Florida Secretary of State Ken Detzner has asked a federal judge to toss out a lawsuit challenging the constitutionality of redistricting standards approved by voters in 2010, saying he doesn't enforce the "Fair Districts" requirements.
Attorneys for Detzner filed a 16-page motion last week in federal court in Pensacola arguing that plaintiffs in the case were trying to use him as an "improper expedient" to get around legal obstacles in challenging the controversial standards. The document said the plaintiffs' arguments stemmed from actions taken by the Florida Supreme Court, a Leon County circuit judge and the Legislature, not Detzner.
"By contrast, there is not a single allegation of any action taken by the secretary, let alone any action he might take to enforce the Fair District amendments being challenged,'' the motion for dismissal said. "Curiously, wherever in the complaint that the plaintiffs identify harm that they have suffered because of the amendments, that harm purportedly flows from actions of the Florida Supreme Court, the state circuit court, or the Florida Legislature — never from an action or threatened action of the secretary."
The Fair Districts standards, aimed at preventing gerrymandering, have led to long-running legal battles about congressional and state Senate districts initially drawn by the Legislature in 2012.
The Florida Supreme Court in July ruled that eight congressional districts violate the standards, leading to a special legislative session last month in which the House and Senate could not agree on a new map. Leon County Circuit Judge Terry Lewis finished hearing arguments Monday about a series of proposals and will recommend a new congressional map to the Supreme Court in October.
Meanwhile, lawmakers will hold another special session starting Oct. 19 to redraw Senate districts, after effectively conceding that the current Senate map likely would not survive a legal challenge.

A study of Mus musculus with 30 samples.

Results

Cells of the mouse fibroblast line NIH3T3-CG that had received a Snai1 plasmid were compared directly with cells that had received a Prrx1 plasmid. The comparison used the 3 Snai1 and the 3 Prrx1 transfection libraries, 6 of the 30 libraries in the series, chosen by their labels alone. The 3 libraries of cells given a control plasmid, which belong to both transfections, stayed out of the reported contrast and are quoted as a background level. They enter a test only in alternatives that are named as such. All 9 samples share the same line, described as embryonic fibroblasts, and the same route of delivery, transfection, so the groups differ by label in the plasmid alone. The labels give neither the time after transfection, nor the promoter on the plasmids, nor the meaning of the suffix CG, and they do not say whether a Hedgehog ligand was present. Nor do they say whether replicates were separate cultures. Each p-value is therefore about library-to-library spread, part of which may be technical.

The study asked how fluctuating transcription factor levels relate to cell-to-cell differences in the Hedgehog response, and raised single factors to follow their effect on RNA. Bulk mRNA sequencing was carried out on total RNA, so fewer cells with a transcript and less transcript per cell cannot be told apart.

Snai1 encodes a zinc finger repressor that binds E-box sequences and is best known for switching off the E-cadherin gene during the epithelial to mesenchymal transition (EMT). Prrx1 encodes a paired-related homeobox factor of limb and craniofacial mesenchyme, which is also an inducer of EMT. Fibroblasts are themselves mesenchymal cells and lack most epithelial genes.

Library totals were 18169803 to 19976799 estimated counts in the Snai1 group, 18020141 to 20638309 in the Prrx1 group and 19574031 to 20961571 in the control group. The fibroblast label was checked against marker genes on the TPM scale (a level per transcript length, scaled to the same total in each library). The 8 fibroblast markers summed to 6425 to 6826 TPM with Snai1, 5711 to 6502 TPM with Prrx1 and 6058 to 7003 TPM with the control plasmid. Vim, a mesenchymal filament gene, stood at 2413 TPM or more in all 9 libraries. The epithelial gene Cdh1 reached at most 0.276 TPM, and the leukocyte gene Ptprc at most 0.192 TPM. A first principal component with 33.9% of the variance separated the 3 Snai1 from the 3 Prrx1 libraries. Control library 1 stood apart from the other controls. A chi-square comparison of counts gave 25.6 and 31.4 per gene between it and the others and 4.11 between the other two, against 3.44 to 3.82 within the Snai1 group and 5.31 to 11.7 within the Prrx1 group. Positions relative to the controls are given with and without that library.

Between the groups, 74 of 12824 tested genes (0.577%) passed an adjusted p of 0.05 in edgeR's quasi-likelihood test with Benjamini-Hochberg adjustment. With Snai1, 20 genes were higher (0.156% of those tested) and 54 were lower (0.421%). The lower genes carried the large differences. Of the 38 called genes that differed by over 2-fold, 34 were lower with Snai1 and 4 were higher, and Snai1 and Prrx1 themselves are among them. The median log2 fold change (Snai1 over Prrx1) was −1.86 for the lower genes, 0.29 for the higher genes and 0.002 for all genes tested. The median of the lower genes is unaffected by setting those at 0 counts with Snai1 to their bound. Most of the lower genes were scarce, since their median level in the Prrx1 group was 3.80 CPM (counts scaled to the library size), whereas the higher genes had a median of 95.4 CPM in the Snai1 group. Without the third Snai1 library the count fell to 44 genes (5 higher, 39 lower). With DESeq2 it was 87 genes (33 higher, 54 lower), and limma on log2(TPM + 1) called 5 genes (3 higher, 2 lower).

The federal lawsuit against Detzner was filed Aug. 27 by plaintiffs including state Rep. Mike Hill, R-Pensacola Beach, Republican and Democratic activists and a group called the Conservative Coalition for Free Speech and Association.
The lawsuit, which is separate from the legal wrangling in state courts about the congressional and Senate maps, argues that the Fair Districts standards, as interpreted by the Florida Supreme Court, violate federal free-speech and due-process rights. It also argues that Detzner, the state's chief elections officer, should be barred from carrying out redistricting plans drawn under the Fair Districts process.
A major issue in the congressional redistricting battle has been about whether Republican political operatives improperly played a behind-the-scenes role in the way districts were drawn in 2012. As fallout of that issue, legislative leaders have taken steps to curb — or at least make public — such activities.
The plaintiffs in the federal lawsuit argue, in part, that such steps have limited their First Amendment rights.
"The cumulative effect of the Florida Supreme Court's interpretation and application of Florida's redistricting amendments ensures that the amendments violate the First Amendment to the U.S. Constitution,'' the lawsuit said. "This interpretation forces private citizens to run the gauntlet of vexatious litigation, and public censure and ridicule when choosing to engage in political speech or petitioning of their government. It serves as a prior restraint on speech for many. The Florida Legislature must, in turn, cast aside the federally protected shield of anonymity to which its citizens are entitled before it can listen to its constituents' concerns regarding redistricting."
But Detzner's attorneys contend that the lawsuit seeks to circumvent a constitutional limit, known as sovereign immunity, on states being sued in federal court. The attorneys wrote that plaintiffs in the case are trying to use a narrow legal exception that allows constitutional challenges to officials' enforcement of state laws.
The motion to dismiss said Detzner does not enforce the Fair Districts requirements.
"As chief elections officer, the secretary is responsible for the Florida Election Code,'' the motion said. "But the secretary's election duties (some of which are referenced in the complaint) have no relation at all to the Legislature's redistricting responsibilities or to the standard of judicial review to be applied under the Fair District amendments to a challenge to those districts. The Fair District amendments — the only provisions that the plaintiffs purport to challenge — of course are not part of the Florida Election Code, and those amendments in no way establish a duty of enforcement by the secretary."